Thursday, February 21, 2008

A close look at Halliburton corruption

Through the actions of its KBR subsidiary. The Chicago Tribune provides some of the details of the commonplace corruption in Iraq.
In October 2002, five months before the U.S.-led invasion of Iraq, Khan threw a birthday party for Seamans at a Tamimi "party house" near the Kuwait base known as Camp Arifjan. Khan "provided Seamans with a prostitute as a present," Rock Island prosecutors wrote in court papers. Driving Seamans back to his quarters, Khan offered kickbacks that would total $130,000.

Five days later, with Seamans and Khan hammering out the fine print, KBR awarded Tamimi the war's first $14.4 million mess hall subcontract, court records show.

In April 2003, as American troops poured into Iraq, Seamans gave Khan inside information that enabled Tamimi to secure a $2 million KBR subcontract to establish a mess hall at a Baghdad palace. Seamans submitted change orders that inflated that subcontract to $7.4 million.

By June, Seamans and fellow KBR procurement manager Jeff Mazon, a Country Club Hills resident, had executed subcontracts worth $321 million. At least one deal put U.S. soldiers at risk.

The Army LOGCAP contract required KBR to medically screen the thousands of kitchen workers that subcontractors like Tamimi imported from impoverished villages in Nepal, Pakistan, India and Bangladesh.

But when Pentagon officials asked for medical records in March 2004, Khan presented "bogus" files for 550 Tamimi workers, Assistant U.S. Atty. Jeffrey Lang said in a court hearing last year.

KBR retested those 550 workers at a Kuwait City clinic and found 172 positive for exposure to hepatitis A, Lang told the judge. Khan tried to suppress those findings, warning the clinic director that Tamimi would do no more business with his medical office if he "told KBR about these results,"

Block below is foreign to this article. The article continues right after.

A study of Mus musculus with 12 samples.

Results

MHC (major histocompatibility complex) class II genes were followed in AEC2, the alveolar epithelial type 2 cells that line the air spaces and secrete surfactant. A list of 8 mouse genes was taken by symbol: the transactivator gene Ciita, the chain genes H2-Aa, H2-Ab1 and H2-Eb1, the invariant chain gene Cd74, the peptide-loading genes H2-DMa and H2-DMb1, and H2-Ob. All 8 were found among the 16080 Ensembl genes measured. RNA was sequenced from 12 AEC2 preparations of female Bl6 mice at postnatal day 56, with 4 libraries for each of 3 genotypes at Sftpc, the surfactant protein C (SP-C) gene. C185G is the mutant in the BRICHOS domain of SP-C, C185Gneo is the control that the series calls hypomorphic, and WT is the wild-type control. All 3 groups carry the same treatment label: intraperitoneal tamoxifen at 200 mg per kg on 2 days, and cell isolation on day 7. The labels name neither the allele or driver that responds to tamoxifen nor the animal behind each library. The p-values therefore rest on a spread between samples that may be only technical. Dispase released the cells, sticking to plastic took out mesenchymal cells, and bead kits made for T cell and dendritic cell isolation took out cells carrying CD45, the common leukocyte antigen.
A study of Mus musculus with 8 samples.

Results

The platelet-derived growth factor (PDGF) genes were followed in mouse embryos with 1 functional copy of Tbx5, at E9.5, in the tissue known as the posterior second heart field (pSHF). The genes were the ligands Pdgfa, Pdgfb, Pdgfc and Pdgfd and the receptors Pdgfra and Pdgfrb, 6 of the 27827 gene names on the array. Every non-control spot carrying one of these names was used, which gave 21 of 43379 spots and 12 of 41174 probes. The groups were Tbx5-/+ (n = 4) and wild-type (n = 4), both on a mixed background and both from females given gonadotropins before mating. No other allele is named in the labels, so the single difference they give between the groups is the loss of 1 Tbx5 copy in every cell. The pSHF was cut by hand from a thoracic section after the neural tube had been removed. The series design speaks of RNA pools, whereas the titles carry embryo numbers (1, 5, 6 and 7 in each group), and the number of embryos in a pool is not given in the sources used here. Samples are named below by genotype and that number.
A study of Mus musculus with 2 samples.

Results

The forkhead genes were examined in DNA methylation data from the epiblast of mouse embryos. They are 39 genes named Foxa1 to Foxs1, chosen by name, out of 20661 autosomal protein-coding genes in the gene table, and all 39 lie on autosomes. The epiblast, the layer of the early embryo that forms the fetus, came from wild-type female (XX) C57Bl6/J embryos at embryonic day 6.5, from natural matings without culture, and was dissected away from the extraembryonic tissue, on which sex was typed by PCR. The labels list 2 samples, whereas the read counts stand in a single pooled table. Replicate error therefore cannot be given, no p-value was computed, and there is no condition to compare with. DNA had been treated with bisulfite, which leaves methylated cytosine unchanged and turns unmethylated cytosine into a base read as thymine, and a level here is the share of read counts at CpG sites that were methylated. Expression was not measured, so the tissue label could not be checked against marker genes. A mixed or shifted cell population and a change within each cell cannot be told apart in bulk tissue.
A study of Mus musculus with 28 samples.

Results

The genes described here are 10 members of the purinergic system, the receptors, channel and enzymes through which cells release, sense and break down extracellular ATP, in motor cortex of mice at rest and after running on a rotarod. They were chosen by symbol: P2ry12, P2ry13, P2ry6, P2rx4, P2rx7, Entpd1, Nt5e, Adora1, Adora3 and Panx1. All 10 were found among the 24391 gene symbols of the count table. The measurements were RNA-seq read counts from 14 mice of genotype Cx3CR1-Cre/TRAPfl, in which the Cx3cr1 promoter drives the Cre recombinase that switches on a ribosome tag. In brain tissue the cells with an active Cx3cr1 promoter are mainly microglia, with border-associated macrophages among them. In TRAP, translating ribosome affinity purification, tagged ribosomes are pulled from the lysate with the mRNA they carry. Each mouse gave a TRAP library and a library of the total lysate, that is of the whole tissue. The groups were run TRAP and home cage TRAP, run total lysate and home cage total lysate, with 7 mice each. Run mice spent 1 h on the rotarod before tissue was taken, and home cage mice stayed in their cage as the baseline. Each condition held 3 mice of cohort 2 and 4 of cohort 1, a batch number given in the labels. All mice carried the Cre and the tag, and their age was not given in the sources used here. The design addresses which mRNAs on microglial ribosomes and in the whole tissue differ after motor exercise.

And the means to all this lovely looting of the US treasury was the seldom noticed actions of the Bushoviks in DC, quietly rooting out all the honest bureaucrats.
A common thread runs through these cases and other KBR scandals in Iraq, from allegations the firm failed to protect employees sexually assaulted by co-workers to findings that it charged $45 per can of soda: The Pentagon has outsourced crucial troop support jobs while slashing the number of government contract watchdogs.

The dollar value of Army contracts quadrupled from $23.3 billion in 1992 to $100.6 billion in 2006, according to a recent report by a Pentagon panel. But the number of Army contract supervisors was cut from 10,000 in 1990 to 5,500 currently.

Last week, the Army pledged to add 1,400 positions to its contracting command. But even those embroiled in the frauds acknowledge the impact of so much war privatization.

"I think we downsized past the point of general competency," said subcontractor Christopher Cahill,
And thus did Our Dear Embattled Leader have one of the first successes of his reign. Is the next President ready for the Augean stables that ODEL intends to leave him or her?